The Altered States of Sedona
Travel Stories: Laurie Gough looks Arizona's New Age mecca in the vortexes and says, "Sacred energy of the Earth, come and get me."
04.14.09 | 10:07 AM ET
I‘m hiking in Boynton Canyon near Sedona, Arizona, and the woman behind me is berating her husband for not warning her to wear hiking boots, speaking to him in a voice which tells of ongoing bitterness, a voice which discourages calm discussion on the matter. It’s at this point I realize that the theory of Boynton Canyon being devoid of male-female tension because of its “vortex” is in error. Either that or we haven’t reached the vortex yet, the place where soothing energy is supposedly oozing out of the Earth.
Yesterday, the owner of Sedona’s Center for the New Age—a shop full of crystals, tarot cards, flute music and dreamy-eyed patrons—enlightened me on the various energy vortexes around Sedona. The owner, a woman in her late 50s, a fellow Canadian, told me that the vortex energy of Boynton Canyon is special. “There are two types of energies coming from the rocks: magnetic (female) and electric (male). Boynton Canyon has both,” she said. “It’s balanced, so you’ll notice people there are calm. There’s no male-female tension in Boynton Canyon.”
Wow, I’d said. Couples on the brink of divorce should hang out there. It could save a lot on lawyer fees.
“As for the other three vortex sites,” the woman continued, “Cathedral Rock is magnetic and therefore feminine. The energy at Bell Rock is so powerful, you’ll notice it before getting out of your car. The Airport Vortex is masculine,” she said, “so watch out. The strength of it might knock you over.”
I’d first heard about Sedona at a remote campground south of Sedona called Verde Hot Springs, where my husband and I had camped for six days. The local hippies made jokes about Sedona’s tourists, but at the same time, each had a story to tell in support of Sedona’s mystical reputation. Around a fire, a camper offered his vortex expertise, claiming that one vortex takes something away from you that you want but gives you back something you need. “Hey, kind of like the Rolling Stones song,” I’d offered. Another vortex overwhelms you with so much energy you might get sick; another puts you to sleep, another vortex strips you of your beliefs. I smiled and nodded politely, pretending I didn’t think him a total flake.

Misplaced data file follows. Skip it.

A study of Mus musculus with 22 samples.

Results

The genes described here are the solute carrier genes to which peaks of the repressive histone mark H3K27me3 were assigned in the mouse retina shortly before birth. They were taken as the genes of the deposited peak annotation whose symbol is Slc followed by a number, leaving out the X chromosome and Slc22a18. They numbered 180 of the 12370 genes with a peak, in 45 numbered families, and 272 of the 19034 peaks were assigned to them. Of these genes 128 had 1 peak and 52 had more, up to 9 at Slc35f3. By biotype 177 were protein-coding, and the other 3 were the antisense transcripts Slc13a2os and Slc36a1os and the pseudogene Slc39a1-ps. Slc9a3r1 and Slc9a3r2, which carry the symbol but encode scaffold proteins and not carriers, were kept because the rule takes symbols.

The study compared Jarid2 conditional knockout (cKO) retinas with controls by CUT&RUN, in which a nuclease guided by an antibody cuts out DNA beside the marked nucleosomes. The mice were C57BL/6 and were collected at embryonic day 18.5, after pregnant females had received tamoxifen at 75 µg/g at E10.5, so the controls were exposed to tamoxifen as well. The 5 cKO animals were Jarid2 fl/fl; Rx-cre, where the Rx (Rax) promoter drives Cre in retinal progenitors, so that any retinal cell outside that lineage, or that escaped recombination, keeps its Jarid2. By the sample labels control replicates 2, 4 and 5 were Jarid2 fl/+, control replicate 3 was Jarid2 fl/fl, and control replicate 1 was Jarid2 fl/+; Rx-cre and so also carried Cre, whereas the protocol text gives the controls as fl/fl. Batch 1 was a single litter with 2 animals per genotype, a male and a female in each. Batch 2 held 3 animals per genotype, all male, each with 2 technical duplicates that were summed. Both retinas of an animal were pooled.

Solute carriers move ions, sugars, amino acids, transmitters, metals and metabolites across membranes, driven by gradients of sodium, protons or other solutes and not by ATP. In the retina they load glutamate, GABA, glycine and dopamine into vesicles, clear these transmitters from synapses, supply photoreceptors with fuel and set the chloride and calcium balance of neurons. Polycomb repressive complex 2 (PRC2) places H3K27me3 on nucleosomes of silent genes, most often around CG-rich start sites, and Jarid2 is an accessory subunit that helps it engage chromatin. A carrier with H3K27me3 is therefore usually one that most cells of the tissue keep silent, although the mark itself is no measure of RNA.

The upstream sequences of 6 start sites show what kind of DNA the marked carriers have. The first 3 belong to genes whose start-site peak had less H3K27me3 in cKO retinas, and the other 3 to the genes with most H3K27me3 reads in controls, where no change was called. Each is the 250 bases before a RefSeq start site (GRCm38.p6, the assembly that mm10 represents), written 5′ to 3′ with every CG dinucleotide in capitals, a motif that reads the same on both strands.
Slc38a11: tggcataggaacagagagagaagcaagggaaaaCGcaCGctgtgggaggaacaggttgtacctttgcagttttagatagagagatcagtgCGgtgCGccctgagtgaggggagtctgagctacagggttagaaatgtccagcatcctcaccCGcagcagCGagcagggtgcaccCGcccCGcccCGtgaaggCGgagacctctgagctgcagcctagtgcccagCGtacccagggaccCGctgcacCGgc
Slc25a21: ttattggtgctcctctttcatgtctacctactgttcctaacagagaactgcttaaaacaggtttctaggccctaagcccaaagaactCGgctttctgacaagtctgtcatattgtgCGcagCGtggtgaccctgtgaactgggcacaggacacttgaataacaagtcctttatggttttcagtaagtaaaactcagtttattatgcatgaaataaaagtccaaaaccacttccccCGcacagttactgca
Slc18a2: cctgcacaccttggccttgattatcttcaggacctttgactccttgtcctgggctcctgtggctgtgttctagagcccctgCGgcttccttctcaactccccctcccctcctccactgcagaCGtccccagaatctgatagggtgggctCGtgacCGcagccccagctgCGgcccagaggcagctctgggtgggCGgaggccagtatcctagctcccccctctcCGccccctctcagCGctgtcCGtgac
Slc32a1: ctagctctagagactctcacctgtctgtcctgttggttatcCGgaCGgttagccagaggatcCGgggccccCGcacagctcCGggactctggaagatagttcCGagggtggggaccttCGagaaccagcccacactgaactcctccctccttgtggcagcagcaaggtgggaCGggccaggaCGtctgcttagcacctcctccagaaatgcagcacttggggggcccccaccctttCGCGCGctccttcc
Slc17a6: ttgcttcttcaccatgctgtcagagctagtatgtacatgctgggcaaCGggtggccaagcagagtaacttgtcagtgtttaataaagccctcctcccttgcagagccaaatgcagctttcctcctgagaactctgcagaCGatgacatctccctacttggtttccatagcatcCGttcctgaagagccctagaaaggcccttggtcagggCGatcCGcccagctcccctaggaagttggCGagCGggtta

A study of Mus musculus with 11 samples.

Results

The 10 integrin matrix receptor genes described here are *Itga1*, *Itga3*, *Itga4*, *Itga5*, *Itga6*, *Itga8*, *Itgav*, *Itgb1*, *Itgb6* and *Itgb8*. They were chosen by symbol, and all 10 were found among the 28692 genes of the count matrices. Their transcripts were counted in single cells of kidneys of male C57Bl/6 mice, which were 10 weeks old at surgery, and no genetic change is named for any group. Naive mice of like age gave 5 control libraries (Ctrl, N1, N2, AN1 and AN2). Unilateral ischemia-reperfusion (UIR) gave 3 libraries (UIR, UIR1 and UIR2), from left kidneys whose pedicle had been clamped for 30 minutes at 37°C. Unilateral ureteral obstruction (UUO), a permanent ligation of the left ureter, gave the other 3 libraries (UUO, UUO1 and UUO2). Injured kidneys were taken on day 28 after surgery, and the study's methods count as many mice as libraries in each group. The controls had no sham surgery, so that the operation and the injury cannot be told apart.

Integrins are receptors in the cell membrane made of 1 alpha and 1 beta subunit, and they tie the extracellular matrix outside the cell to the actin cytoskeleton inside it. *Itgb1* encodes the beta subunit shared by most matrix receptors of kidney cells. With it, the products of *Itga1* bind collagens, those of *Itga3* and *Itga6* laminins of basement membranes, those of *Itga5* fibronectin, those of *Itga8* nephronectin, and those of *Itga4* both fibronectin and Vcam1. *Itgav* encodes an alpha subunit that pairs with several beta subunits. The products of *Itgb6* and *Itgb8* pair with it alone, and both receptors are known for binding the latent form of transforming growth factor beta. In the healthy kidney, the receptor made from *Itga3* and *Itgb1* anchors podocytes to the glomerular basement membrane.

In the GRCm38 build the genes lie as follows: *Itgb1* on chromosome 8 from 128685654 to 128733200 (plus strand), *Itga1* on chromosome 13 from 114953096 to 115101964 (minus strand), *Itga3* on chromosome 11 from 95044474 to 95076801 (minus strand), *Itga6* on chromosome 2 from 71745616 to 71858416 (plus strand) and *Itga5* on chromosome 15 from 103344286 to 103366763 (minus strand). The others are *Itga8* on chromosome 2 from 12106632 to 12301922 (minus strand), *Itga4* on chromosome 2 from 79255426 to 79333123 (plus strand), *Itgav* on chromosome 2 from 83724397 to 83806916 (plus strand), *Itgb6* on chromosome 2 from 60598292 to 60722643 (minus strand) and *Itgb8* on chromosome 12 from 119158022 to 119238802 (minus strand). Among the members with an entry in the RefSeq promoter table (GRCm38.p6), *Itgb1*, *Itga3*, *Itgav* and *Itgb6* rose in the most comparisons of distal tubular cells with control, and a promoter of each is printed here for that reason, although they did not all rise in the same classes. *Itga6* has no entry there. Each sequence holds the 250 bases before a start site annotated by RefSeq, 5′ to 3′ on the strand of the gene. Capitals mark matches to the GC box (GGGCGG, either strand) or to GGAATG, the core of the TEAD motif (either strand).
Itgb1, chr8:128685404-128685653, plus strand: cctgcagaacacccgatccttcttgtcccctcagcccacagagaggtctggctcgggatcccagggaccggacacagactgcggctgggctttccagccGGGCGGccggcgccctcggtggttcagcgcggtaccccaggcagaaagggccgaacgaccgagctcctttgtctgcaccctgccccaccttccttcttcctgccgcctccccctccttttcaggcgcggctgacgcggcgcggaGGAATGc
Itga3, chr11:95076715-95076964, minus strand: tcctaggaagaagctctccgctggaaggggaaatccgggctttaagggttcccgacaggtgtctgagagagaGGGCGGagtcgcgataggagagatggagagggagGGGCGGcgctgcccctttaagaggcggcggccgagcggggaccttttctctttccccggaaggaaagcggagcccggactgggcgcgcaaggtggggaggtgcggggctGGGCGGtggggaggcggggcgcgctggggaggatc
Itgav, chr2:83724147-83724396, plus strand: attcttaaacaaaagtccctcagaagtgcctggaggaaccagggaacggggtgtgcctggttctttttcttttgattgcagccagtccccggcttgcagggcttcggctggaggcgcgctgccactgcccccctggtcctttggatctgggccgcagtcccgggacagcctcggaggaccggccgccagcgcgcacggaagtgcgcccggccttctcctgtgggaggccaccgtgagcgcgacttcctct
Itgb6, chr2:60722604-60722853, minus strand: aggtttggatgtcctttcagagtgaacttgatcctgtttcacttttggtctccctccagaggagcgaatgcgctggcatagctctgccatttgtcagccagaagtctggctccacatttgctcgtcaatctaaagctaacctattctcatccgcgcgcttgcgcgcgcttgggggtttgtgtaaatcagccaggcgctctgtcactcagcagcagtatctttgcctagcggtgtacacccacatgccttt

Sedona is known as the New Age mecca—or New Age tourist trap, depending on your astrological sign—and when April White Cloud tacked her ads around town declaring she was a master clairvoyant, psychic healer and shaman priestess, I didn’t trust her, or the town’s metaphysical claim to fame, for a minute. Nor did I trust the man in the glossy photo with the gray ponytail who claimed he would open the Third Eye, retrieve wandering souls and channel spirits for $200 a session. Among the month’s topics in the popular New Age magazine, Sedona, Journal of Emergence are: “The World Through My Dog’s Sacred Vision,” “The Eleventh Chakra in the Fourth Dimension” and my favorite, “Could It Be You’re Already Dead?”
Sedona was entirely different from other Arizona towns we’d visited, places like Bisbee and Patagonia, old-fashioned towns with real people who have real jobs. But perhaps, I reflected, it’s only right that screwballs have their own town. All the talk of altered states and parallel universes was a turnoff, but I was curious about the vortexes. I suggested to my husband, Rob, that instead of ditching Sedona immediately, we go searching for energy sites.
The vortex woman said that the best way to feel the vortex energy was to go on a guided trek. Since guides are on a “higher level of spiritual consciousness,” you have a more powerful experience. At $250, I figured Rob and I could find the vortexes on our own and maybe eavesdrop on a guided tour, let leftover sacred energy spill onto us. Surely the Earth wouldn’t care who had forked out cash and who hadn’t. As I left, the vortex woman called out not to worry about going guideless because the energy is so overwhelming, a person would have to be abnormally insensitive not to feel anything.
Sacred energy of the Earth, come and get me.
In the first half-hour of the five-mile hike through Boynton Canyon, our first vortex, we passed Enchantment Resort, which somewhat detracts from the nature experience as you walk by million-dollar guest houses. But soon, we were hiking at the foot of crimson cliffs and eventually into a snowy pine forest. First, we passed crowds of hikers on this popular trail, but the farther we went, the fewer hikers we encountered so the more we stopped to chat. Now, near the end of the trail, high up in a spectacular box canyon, we ask our fellow hikers, “So, do you feel anything?” “Yeah, my legs hurt,” someone says. “Yep, sure am thirsty,” says another. Nobody has found the vortex.
Back at our van after the hike, we meet a man who gives us a more detailed vortex map than ours, and we discover that Boynton Canyon’s vortex is just 50 yards from the parking lot, conveniently. The map shows the vortex to be on a knoll surrounded by twisted juniper trees. Supposedly the energy of the vortex twists the trees. I’d seen twisted junipers in the Southwest before, however, usually in windy places, like on top of this knoll. I sit down in the dusty red dirt up on the knoll to absorb some sacred energy, but all I feel is the midday sun burning my face. I’m a redhead, apparently an insensitive one, and have to watch my skin.